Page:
The university pension deficit has more than halved since 2017, according to a report released last week. A phased increase in employee contributions is due to begin in April. The news coincides with the beginning of a consultation to determine how much financial risk universities are willing to take on, as well as the views of lecturers and other staff.
The Universities Superannuation Scheme (USS) to which most staff belong last year claimed to be operating with a £7.5 billion deficit — a figure disputed by Universities UK (UUK), which represents employers. As of March 2018, the deficit has been valued at £3.6 billion, following better-than-expected returns on the Scheme’s assets and investments.
The 2018 valuation takes into consideration some of the recommendations of the Joint Expert Panel (JEP), which was set up last year and tasked with reviewing the 2017 valuation as part of a deal to resolve industrial action. The Panel returned a series of proposed changes, overwhelmingly supported by UUK members.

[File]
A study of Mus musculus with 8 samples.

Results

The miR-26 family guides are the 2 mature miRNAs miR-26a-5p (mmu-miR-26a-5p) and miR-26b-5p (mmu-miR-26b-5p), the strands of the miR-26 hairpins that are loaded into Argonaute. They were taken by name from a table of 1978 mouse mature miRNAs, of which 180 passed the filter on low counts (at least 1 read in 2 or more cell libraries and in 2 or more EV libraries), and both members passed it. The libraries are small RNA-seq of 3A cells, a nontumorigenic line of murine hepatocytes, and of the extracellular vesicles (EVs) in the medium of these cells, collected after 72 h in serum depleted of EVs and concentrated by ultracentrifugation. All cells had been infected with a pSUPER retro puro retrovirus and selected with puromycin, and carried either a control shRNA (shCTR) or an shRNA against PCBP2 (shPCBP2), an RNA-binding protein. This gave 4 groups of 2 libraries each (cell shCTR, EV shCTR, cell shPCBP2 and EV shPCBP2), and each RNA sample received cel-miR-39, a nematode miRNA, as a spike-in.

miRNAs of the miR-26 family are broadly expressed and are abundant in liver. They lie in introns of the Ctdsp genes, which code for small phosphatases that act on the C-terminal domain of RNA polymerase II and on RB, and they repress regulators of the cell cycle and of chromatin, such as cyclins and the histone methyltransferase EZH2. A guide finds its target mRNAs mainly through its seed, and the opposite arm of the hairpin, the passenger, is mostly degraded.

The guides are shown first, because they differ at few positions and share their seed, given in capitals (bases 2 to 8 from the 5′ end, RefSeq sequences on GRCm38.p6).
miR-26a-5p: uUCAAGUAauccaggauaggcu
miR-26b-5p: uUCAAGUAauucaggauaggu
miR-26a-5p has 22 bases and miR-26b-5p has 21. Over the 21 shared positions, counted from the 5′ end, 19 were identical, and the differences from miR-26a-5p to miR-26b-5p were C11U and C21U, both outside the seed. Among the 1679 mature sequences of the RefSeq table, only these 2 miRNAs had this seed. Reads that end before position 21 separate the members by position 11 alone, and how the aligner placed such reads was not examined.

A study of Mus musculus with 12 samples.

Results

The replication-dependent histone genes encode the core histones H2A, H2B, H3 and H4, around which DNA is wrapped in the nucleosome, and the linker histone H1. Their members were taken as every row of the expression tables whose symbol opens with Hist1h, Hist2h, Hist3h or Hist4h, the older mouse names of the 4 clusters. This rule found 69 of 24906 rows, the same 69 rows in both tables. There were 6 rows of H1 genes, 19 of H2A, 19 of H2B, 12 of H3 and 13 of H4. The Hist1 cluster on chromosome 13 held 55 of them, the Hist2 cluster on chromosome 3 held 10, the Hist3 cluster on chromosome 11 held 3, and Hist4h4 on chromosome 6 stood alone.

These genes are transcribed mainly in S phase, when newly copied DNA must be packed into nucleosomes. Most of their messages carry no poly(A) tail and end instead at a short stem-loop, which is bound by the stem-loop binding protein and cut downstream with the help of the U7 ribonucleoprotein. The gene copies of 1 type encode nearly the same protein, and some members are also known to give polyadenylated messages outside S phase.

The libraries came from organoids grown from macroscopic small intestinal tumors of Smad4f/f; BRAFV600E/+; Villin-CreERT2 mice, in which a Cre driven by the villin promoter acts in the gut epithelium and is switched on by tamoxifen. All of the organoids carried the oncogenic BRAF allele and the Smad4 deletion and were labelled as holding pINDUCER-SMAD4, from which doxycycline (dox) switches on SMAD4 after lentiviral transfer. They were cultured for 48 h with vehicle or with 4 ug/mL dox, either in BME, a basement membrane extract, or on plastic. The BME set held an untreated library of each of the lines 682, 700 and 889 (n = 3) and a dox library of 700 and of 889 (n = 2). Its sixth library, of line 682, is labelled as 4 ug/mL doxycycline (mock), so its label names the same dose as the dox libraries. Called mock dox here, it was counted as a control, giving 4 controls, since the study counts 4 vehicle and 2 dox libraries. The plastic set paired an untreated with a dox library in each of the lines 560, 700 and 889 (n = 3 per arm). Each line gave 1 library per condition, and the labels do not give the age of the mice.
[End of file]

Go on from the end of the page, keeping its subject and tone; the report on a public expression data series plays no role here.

USS has indicated it is prepared to accepted two of the JEP’s six proposed adjustments but claims that implementing the remaining adjustments would pose too much risk, even if additional contingency support were to be introduced. In December Dennis Leech, Emeritus Professor of Economics at the University of Warwick, reported that attendees of a USS Institutions meeting were told that adopting all of the JEP’s proposals would create a surplus of £0.5 billion and allow contribution rates to drop below the current level of 26% of an employee’s salary. As things stand, contributions will be gradually increased to 36.6% by April 2020.
- Increasing the reliance at 20 years from £10bn.
- Reducing the deficit recovery contributions (by allowing for investment out-performance or increasing the length of the recovery period).
- Increasing the reliance at 20 years above £10bn in real terms.
- Deferring when de-risking starts.
- Smoothing contributions over future valuation cycles.
- Allowing for outperformance in the recovery plan.